Meeting your new family
A destination wedding means you’re practically guaranteed a whole weekend away with all your friends and loved ones-what could be better than that? Of course, this also means you’re on the hook for planning at least a couple of days’ worth of activities. A typical schedule includes plenty of time for meeting and greeting, getting to know the local area, and relaxing between blowout bashes. It might look something like this: Guests arrive on Friday and are welcomed with drinks and/or dinner; Saturday is the ceremony and reception; and on Sunday, after a low-key brunch, everyone departs. In between, there might be other activities they can choose-such as sightseeing or a sports outing.
Invites for these extra events can be as formal or informal as you like, from a card to your website to word of mouth. As for who to invite to each event and if it’s ok not to invite everyone to everything? Yes! It’s fine to have smaller events that include more intimate groups, such as the bridal party or a friends-and-partners group. You might consider thanking your bridesmaids with a trip to the spa for some big-day pampering, while the groom and groomsmen could hit a local golf course. Here, more ideas to consider.
Some old rules like the ones saying a rehearsal dinner is host by the groom’s family and is just for the wedding party and close family, no longer apply for many couples. It is common to include the whole guest list for a welcome party-an especially nice touch for those who have just completed a long day of travel! What that party consists of will depend a lot on your budget: It might be a full dinner for everyone, or just drinks for the crowd after a more intimate rehearsal dinner or maybe a Sunset Cruise with apps and drinks. Whatever way you go, this day’s celebration is a prime opportunity to have some fun and showcase your interests as a couple This is all about breaking the ice; keep things casual (consider skipping assigned seating, for instance) so everyone is comfortable mingling. And remember, you’ve all got a big day tomorrow, so try to wrap things up on the early side.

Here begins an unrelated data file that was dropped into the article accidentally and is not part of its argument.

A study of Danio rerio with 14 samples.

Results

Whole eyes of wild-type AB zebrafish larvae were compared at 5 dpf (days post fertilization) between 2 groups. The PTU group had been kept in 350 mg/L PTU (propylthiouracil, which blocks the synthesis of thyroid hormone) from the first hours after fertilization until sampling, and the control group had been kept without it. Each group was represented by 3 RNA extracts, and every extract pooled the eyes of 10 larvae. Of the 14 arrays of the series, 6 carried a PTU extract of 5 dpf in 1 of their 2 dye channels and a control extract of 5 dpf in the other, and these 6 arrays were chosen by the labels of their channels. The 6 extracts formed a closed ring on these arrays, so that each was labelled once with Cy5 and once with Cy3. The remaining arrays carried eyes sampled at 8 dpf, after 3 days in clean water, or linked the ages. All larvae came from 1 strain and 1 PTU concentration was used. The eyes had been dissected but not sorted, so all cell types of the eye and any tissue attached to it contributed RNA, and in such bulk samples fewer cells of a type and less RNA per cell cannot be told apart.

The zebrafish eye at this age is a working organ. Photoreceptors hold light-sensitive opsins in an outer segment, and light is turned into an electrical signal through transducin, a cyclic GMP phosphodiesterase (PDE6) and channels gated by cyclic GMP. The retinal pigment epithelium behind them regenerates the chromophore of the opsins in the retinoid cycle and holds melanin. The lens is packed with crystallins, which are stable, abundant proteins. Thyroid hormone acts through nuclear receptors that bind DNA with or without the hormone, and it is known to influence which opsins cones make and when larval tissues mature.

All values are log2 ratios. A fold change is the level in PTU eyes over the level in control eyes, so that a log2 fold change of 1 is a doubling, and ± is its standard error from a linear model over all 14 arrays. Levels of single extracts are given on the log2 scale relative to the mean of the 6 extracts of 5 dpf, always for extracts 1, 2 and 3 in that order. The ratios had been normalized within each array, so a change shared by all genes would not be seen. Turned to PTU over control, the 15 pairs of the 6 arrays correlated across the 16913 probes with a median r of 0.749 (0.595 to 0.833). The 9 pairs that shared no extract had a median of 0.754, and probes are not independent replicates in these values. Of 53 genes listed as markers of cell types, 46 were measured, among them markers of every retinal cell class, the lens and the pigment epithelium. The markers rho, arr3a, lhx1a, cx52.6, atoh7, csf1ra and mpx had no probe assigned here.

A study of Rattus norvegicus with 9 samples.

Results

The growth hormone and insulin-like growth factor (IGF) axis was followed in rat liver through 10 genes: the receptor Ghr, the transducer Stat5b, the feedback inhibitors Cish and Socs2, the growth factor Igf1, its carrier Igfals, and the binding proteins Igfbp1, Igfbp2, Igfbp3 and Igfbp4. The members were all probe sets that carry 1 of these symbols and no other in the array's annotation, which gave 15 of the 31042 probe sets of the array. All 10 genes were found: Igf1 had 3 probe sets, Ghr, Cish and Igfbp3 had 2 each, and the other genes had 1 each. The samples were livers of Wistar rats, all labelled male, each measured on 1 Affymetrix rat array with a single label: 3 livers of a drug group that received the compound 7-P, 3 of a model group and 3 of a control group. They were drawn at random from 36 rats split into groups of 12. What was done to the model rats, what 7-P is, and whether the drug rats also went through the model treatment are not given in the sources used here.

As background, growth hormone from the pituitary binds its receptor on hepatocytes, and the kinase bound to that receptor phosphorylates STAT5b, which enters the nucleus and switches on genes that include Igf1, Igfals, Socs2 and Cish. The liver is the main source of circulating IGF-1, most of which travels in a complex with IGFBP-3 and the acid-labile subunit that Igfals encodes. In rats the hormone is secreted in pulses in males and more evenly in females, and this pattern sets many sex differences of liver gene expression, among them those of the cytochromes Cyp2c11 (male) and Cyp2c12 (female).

Unless you’re having a morning wedding, it can be fun to plan some day-of activities for your guests, such as a picnic or hike in a scenic area. Some rules of thumb: Try not to start anything before 9:30 A.M. (give guests their beauty-sleep time), and avoid anything that will take more than a couple of hours or require a lot of travel. Not up for organizing an outing? Simply put together a list of some of your favorite spots and let guests wander on their own. Remember that not everyone will want a full schedule of activities; in fact, some guests may choose to hang at the pool instead of joining in. This is a vacation for your loved ones, too, so don’t forget to build in some downtime so they can chill out and be at their best for the main event.
Everyone says it, and it’s true: Once your wedding day arrives, it’s over in a flash. But the party doesn’t have to end when the reception does. Many couples extend the fun with an after-party. It could be a few games at a bowling alley, a karaoke battle, or even just drinks at the hotel bar until the wee hours. It’s nice to treat, but if your budget is stretched to the limit, it’s also fine for this to be a nonhosted event. Just have your friends, close family, and wedding party spread the word about where the crew is heading next.